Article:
Water Environment Federation (WEF)

Case Study of an IFAS System – Over 10 Years of Experience

The Annapolis Water Reclamation Facility (WRF), which is owned and operated by the Anne Arundel County Department of Public Works in Annapolis, Maryland, has undergone, over the last ten years, a transition from conventional activated sludge to an Integrated Fixed Film Activated Sludge (IFAS) system for Biological Nutrient Removal (BNR) to, most recently, a dual anoxic zone process for Enhanced Nutrient Removal (ENR) without IFAS. This transition has included bench-scale and full-scale pilot work, full-scale upgrade and operation and finally, further study and modifications to expand the capacity while upgrading to the limit of technology for nitrogen and phosphorus removal. The twelve years of full-scale operating experience with IFAS media has taught some valuable lessons regarding the design, operation and performance of IFAS systems, particularly rope type media systems such as employed at the Annapolis WRF.

The primary objective of this paper is to summarize the lessons learned from this experience focusing on the construction, performance, operation and maintenance issues. The following topics will be addressed using plant operating data to illustrate the points.

The Annapolis Water Reclamation Facility (WRF) was originally a 38,000 m3/d (10 mgd) activated sludge plant designed to meet secondary treatment limits. The plant discharges to the Chesapeake Bay. It has undergone several upgrades in order to meet increasingly more stringent effluent limits requiring nutrient removal. The discharge permit requirements have been driven by the Chesapeake Bay initiatives, which first established as a goal, Biological Nutrient Removal (BNR) levels of treatment or a discharge level of 8 mg/L TN and 2 mg/L TP. Then, nutrient limits based on a waste load allocation were established, which would require effluent limits for TN of 6 mg/L and TP of 1.5 mg/L. Finally Enhanced Nutrient Removal (ENR) levels of treatment were required, which set the discharge limit at 3 mg/L TN and 0.3 mg/L TP. During this period of time the Annapolis WRF was required to expand to 50,000 m3/d (13 mgd).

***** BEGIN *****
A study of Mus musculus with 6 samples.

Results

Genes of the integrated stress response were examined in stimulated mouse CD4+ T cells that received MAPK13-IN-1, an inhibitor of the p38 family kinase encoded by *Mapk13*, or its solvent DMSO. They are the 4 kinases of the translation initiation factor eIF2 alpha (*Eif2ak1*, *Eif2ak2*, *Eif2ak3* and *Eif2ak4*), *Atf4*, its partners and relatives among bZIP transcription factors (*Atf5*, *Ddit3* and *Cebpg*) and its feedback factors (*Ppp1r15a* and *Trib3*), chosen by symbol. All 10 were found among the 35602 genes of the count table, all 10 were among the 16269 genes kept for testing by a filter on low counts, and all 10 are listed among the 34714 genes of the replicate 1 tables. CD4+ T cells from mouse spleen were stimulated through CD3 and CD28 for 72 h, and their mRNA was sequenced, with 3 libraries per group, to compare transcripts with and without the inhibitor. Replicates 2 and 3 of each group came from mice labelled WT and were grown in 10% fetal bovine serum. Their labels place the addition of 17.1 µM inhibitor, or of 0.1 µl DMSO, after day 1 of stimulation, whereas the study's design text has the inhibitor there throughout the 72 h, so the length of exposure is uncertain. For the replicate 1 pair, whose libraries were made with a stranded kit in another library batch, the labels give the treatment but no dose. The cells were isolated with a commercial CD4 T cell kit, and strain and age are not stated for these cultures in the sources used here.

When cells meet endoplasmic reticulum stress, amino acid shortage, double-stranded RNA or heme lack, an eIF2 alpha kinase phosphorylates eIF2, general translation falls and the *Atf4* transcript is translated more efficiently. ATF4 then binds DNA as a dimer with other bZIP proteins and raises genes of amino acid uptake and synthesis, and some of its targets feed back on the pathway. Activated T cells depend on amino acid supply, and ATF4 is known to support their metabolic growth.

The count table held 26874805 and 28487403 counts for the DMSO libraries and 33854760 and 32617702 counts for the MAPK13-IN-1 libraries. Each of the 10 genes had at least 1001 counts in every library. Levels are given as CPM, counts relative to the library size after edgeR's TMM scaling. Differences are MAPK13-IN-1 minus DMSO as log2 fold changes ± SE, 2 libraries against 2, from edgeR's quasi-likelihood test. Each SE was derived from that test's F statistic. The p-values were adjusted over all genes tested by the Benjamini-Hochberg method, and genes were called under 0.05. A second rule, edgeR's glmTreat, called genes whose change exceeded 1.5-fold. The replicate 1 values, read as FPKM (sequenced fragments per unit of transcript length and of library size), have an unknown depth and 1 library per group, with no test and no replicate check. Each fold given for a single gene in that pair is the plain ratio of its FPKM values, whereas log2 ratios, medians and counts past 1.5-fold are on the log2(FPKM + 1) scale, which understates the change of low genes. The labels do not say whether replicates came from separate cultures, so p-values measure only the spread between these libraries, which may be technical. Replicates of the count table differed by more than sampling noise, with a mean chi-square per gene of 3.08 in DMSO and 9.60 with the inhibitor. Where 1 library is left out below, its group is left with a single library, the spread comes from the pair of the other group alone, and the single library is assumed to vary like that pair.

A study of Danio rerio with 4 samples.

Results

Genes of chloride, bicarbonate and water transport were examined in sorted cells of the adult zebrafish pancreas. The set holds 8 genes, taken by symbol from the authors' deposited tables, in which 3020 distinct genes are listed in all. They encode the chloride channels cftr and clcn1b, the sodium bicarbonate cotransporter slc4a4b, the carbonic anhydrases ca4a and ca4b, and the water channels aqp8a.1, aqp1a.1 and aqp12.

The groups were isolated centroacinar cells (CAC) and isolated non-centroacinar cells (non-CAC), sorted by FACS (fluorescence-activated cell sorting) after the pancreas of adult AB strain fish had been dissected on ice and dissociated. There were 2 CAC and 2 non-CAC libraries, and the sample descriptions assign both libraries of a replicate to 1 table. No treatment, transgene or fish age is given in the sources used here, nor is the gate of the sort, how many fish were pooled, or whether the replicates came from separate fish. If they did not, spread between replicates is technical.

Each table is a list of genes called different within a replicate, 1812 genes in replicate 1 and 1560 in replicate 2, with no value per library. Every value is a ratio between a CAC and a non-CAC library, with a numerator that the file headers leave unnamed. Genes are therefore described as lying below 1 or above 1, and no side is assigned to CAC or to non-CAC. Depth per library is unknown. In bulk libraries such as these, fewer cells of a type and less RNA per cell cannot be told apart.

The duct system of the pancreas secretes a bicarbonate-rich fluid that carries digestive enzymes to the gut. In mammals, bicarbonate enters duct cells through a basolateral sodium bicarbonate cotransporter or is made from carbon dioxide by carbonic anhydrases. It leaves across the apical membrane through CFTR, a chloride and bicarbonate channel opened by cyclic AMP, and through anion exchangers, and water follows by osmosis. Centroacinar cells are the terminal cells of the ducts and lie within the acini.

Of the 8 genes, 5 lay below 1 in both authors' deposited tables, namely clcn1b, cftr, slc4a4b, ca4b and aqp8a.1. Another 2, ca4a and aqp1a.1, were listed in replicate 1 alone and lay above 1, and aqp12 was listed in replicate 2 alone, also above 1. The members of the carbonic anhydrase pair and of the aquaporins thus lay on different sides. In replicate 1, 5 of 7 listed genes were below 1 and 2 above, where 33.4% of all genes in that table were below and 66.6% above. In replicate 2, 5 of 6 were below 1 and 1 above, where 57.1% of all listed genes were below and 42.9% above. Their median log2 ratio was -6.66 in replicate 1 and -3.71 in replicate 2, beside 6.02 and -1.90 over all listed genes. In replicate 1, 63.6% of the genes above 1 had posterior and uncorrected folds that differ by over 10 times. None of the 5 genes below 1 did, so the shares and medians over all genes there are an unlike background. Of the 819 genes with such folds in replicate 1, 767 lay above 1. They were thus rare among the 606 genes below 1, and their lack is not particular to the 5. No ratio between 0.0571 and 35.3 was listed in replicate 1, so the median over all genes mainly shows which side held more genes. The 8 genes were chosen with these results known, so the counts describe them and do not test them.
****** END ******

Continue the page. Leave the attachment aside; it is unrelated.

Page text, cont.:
The initial upgrade to BNR levels of treatment utilized an Integrated Fixed-Film Activated Sludge (IFAS) process, which is a system that incorporated fixed-film media within the conventional activated sludge process. IFAS was selected, after considerable pilot study, because it proved to effectively increase the performance of the plant without having to build additional activated sludge basins. Thus, it was a very cost-effective option for the County.

When the Annapolis WRF had to expand to 50,000 m3/d and upgrade to ENR levels of treatment, there was no longer any other alternative but to build additional reactor volume, either with or without IFAS. At this point the decision was made to abandon the media system and to implement a more conventional process utilizing pre-and post-anoxic zones in strictly a suspended growth system. An IFAS system would have reduced the cost of the upgrade and expansion by requiring less reactor volume to be built, but the cost savings was not enough to overcome the desire to operate a plant with a more conventional hydraulic residence time (HRT). Also, there was some concern regarding the future cost of replacing the existing media.

This paper discusses the performance of the plant with its full complement of media (244,000 m from 1997 to 2005. It references earlier data from full scale pilot operations with various quantities of media from 1993 to 1996. In November 2005, the media was removed from the process during the expansion project, which is nearing completion (final completion October 2006). This experience with the study, design and operation of an IFAS plant through its conversion, but to a conventional activated sludge plant, over a period of approximately 12 years offers a unique opportunity to investigate the unique characteristics of an IFAS system.

A brief description of the wastewater treatment facilities at the Annapolis WRF and history of its upgrades follows.